Dream yoga - Tibetan practice for conscious living and lucid dreaming

Dream yoga - Tibetan practice for conscious living and lucid dreaming

Healthy Living | Body | Exercise | Meditation | Sleep

Nia Bennett | Jan, 23 2020

Our lives are so chaotic that we barely have the time to relax, meditate and stay in tune with our inner desires and wishes.  

Sleep is the only time we subconsciously relax. Our deep state of sleep is a vital source of relaxation that invigorates our mind and the only invisible time where we forget all our worries, deadlines, financial woes, relationship problems and the mindless chaos that surrounds us. 

Did you know that an average person who gets seven to eight hours of sleep is sleeping away one-third of their lives? So if you lived until 80, then 26 of those years has been spent on sleeping and dreaming.  

Neuroscientists have proven that our subconscious mind has more knowledge and awareness than our conscious self. So, in reality, our brain solves problems before it reaches our conscious self. Milam or dream yoga is an ancient Tibetan Buddhists technique that teaches us the principles to tap into our subconscious mind, to harness the wisdom and awaken a spiritual side that can significantly heighten our mental energy and improve clarity.

Understanding dream yoga

Tibetan dream yoga is the original form of lucid dreaming. This yoga of reaching a dream-like state is an advanced tantric practise which enables us to explore various depths of lucid dreaming. 

While we experience reality with all its joys and sorrows, our dreams have infinite possibilities which have the magnificent power to soothe our consciousness. 

The primary aim of this practice is to awaken consciousness in the dream state.

Tibetan Buddhists have been practising dream yoga since the early eighteenth century and honing the skills to wake consciousness in a dream state. The aim is to have an unequivocal understanding of dreams and acquire knowledge and reality more than we possess today.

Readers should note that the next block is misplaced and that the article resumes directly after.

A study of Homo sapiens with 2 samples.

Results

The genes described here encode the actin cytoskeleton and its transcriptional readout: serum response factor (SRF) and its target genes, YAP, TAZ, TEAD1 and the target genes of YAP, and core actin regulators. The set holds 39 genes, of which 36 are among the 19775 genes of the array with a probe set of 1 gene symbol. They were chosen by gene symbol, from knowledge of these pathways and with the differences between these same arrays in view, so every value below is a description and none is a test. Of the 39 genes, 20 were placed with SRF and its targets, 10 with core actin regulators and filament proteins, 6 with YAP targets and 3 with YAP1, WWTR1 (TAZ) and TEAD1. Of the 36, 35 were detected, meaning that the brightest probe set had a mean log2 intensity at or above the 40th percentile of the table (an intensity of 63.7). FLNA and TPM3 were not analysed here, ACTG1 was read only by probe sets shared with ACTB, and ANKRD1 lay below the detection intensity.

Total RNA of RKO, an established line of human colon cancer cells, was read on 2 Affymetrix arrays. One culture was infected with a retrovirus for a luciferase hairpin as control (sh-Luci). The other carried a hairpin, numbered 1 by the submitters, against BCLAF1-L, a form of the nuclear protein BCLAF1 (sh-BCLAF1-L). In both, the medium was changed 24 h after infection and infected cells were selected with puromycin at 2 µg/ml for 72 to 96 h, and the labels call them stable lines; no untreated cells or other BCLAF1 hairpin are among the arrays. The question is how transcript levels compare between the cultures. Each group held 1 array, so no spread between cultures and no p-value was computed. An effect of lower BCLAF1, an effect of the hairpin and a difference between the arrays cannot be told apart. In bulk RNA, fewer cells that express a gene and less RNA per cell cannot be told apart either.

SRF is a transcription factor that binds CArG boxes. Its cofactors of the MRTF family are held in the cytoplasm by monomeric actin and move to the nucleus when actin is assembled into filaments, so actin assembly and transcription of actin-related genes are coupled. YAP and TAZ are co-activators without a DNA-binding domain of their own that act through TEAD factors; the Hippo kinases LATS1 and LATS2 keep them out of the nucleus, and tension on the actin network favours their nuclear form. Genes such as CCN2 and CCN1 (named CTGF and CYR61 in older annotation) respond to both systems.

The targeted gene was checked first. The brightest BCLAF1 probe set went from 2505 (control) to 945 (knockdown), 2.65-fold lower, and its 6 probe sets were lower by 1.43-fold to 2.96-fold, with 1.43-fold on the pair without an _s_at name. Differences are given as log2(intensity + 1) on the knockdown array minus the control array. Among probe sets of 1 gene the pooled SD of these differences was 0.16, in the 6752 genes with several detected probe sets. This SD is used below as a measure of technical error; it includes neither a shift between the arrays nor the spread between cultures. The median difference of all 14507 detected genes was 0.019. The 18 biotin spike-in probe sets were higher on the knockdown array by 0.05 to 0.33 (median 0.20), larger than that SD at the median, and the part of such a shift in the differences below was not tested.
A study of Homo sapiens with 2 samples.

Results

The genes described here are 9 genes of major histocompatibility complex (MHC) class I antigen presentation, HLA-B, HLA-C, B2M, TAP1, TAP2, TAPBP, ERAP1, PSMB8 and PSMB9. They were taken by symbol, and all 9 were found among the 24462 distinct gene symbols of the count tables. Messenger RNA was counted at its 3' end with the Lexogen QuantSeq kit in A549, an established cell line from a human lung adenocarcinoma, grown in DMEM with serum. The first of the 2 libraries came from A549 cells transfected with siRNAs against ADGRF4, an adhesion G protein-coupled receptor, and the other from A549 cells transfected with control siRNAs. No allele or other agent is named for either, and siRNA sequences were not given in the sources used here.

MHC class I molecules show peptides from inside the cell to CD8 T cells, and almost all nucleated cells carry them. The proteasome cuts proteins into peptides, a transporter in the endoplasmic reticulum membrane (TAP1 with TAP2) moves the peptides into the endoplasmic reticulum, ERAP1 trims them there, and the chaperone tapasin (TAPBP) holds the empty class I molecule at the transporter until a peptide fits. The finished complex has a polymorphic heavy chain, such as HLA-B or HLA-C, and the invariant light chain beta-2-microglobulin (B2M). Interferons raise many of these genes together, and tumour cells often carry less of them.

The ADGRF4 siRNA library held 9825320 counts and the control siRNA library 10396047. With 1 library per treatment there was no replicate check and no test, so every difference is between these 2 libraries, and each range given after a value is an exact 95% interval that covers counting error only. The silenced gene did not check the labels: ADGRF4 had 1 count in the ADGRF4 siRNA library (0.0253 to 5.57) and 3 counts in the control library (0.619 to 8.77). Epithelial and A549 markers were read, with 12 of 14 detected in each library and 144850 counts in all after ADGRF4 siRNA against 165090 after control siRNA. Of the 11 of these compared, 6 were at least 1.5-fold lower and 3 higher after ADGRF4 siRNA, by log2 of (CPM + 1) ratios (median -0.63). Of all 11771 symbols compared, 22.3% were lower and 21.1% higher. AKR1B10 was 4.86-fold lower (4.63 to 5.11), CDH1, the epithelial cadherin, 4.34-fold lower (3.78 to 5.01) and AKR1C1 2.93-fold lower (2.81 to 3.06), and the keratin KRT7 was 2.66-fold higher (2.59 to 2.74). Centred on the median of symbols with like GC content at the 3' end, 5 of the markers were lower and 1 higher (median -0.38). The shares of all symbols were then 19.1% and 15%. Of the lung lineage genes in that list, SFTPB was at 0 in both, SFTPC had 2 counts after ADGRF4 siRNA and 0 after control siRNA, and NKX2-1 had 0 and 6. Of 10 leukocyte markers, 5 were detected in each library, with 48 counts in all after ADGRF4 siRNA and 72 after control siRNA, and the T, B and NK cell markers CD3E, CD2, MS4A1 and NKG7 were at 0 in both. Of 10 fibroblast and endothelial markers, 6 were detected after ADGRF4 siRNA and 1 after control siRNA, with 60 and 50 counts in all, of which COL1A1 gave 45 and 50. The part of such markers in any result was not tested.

“Your body is asleep, but in your brain, your mind is bright and awake and awareness is now in your brain’s own created world.” - St.Augustine

Setting an intention

To achieve consciousness in your dream, you need to set a strong intention. It is about complete attunement. For example, sometimes we are so in sync with ourselves, that we manage to wake up without an alarm or any outside help. This happens when we set a strong intention. If you train your mind, you can set off your mental alarm to be awake in your dream and be aware of every thought that flows through your mind and attain knowledge which is hard to possess in your subconscious state.

Dream collection

Dream recollection is an important method to increase awareness of what goes through your mind and body. It is a conscious step towards spiritual enlightenment. 

Every morning, journal everything you remember from the dream you had from the night before. 

When we sleep our egos dissolve and our mind travels everywhere we did in our conscious state and beyond. So on some levels are dreams replay things or sights we saw in our conscious state but also can transcend beyond it. 

To recollect dreams, it is important to journal as soon as you wake up. The only way this can be accurate is without much movement because as you move, the memories of your dreams fade. 

You can also take advantage of prime-time dreamtime. To do this wake-up, two hours before you normally would, stay awake for ten minutes and then go back to sleep. Set a strong intention of being awake in your dreams. This is a very powerful method to achieve lucid state and this is why sometimes people can remember some dreams better than others. Chanting ‘RAOM GAOM’ as you wake up is also an alternative method to recall your dreams.

Awakening lucidity through dream yoga

Daily mindful meditations can heighten awareness. The practice of constant mindfulness can bring lucidity to every dream while practising dream yoga. 

The key is to stay neutral to things in your mindful conscious, accepting things for what they are, without deeming them as good or bad is a good way to disassociate with negative and positive and trains your mind to do so in your dreams. This enables more fluidity in your dreams and increases your ability to tap into subliminal thoughts with total awareness.

Most of us have around three to five dream cycles every night, out of which we either remember one or none. Daily guided meditations can help you be more aware of your dreams, enabling you to tap into a plethora of unconscious wisdom and be more spiritually enlightened and experience a new reality in ways you have never experienced before.